Single, directed and written by Ashley Eakin and presented by AFI Directing Workshop for Women, was set to premiere at the SXSW Film Festival. The short is a brazen, anti-romantic comedy that delivers an entertaining and insightful examination into dating with a disability. The film centers around Kim (Delaney Feener) who is born with one arm and gets set up on a blind date with a guy, Jake (Jordan Wiseley), who has one hand.
The short begins with Kim shopping at a grocery store only to be stared at by a small child and then patronized by a grocery clerk. As someone with a disability, the scene feels incredibly relatable. When I was using a wheelchair, people treated me as if I was helpless or worse, at death’s doorstep. The truth was I just did not have the stamina to walk far. Nevertheless, Kim’s frustration feels real.
That frustration continues when Kim arrives at her blind date and realizes Jen, a woman she met through her mother’s book club, set her up with a man with one hand. Kim’s immediate reaction is honestly downright rude as she takes out her anger on Jake but it is understandable she would be upset that the only reason her friend set them up was because the two are disabled. After trying to bail but getting caught, Jake and Kim decide to get revenge but bond along the way.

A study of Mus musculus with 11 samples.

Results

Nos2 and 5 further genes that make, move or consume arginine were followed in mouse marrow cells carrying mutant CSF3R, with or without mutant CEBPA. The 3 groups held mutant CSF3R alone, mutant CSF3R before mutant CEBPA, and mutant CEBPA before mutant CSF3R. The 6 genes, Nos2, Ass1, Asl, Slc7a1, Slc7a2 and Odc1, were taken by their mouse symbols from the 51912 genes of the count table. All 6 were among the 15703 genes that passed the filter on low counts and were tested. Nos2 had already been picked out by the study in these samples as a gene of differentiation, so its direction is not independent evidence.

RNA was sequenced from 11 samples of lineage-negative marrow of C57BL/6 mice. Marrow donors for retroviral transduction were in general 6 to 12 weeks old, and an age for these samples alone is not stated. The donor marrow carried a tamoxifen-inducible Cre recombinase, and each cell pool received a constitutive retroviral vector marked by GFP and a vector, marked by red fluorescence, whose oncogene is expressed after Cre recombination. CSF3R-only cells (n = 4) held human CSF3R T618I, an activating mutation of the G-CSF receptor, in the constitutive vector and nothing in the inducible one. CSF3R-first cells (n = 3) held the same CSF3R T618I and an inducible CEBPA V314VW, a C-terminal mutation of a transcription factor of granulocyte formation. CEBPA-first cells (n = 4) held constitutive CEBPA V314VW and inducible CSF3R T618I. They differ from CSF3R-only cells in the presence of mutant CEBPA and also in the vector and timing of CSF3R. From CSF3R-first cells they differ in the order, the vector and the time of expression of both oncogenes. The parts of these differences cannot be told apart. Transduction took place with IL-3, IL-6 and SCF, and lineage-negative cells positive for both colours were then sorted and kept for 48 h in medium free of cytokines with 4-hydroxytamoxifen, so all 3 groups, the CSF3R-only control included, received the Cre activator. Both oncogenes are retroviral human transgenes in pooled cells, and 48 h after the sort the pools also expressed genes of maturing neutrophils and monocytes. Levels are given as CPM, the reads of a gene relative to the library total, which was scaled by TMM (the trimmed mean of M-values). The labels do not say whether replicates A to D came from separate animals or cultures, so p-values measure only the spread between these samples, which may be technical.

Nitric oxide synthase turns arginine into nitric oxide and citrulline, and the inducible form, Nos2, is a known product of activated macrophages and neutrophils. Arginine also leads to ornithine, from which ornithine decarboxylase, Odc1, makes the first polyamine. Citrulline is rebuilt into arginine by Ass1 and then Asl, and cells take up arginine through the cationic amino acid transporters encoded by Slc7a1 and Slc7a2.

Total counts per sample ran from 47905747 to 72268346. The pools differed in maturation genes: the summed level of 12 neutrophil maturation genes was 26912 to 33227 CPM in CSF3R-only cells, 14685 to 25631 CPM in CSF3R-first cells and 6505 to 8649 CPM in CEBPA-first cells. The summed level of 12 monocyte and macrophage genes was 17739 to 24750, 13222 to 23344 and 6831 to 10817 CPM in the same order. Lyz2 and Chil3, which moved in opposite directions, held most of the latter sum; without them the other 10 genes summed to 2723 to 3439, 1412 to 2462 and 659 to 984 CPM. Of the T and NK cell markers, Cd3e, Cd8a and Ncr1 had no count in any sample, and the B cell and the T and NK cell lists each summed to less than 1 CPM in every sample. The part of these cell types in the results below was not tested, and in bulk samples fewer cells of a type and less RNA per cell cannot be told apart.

In addition to showing what it is like to date with a disability, Single also explores the internalized ableism disabled people have. When the world is not made for you, it is hard not to take that to heart and it is even harder to unlearn the harmful ideals of ableism. At the end of the day, Kim’s real issue with Jake is his hand even though, she has a similar disability. Disabled people can be ableist and it is an important reminder of how much we all need to grow.
Kim is not likable but she also isn’t supposed to be nor does she need to be. Feener’s performance is spectacular and she beautifully portrays the complicated character. Similarly, Wiseley makes Jake loveable. He is a guy you want to root for. Even though the short is only 15-minutes, the two are able to captivate audiences. It is also important to note that both actors are disabled. Seeing disability in media is incredibly rare but having disabled actors play disabled parts is even rarer.
In addition to that, Eakin has said she lives with Olliers and Maffucci Syndrome. Eakin, in her director’s notes, said, “…dating can really suck. And dating with a physical disability is even more complicated! It’s a world I’ve navigated my whole life…For 30 years, unbeknownst to me, I was an ableist – I judged a community that I fit into by my own congenital predisposition.”
At the end of the day, Single is a beautiful look at the complexity of disability. Kim’s reaction to Jake, while terrible, isn’t inaccurate. Unconscious bias is real and Single attempts to tackle the concept as it relates to disability.
At the end of the day, Single is a beautiful look at the complexity of disability.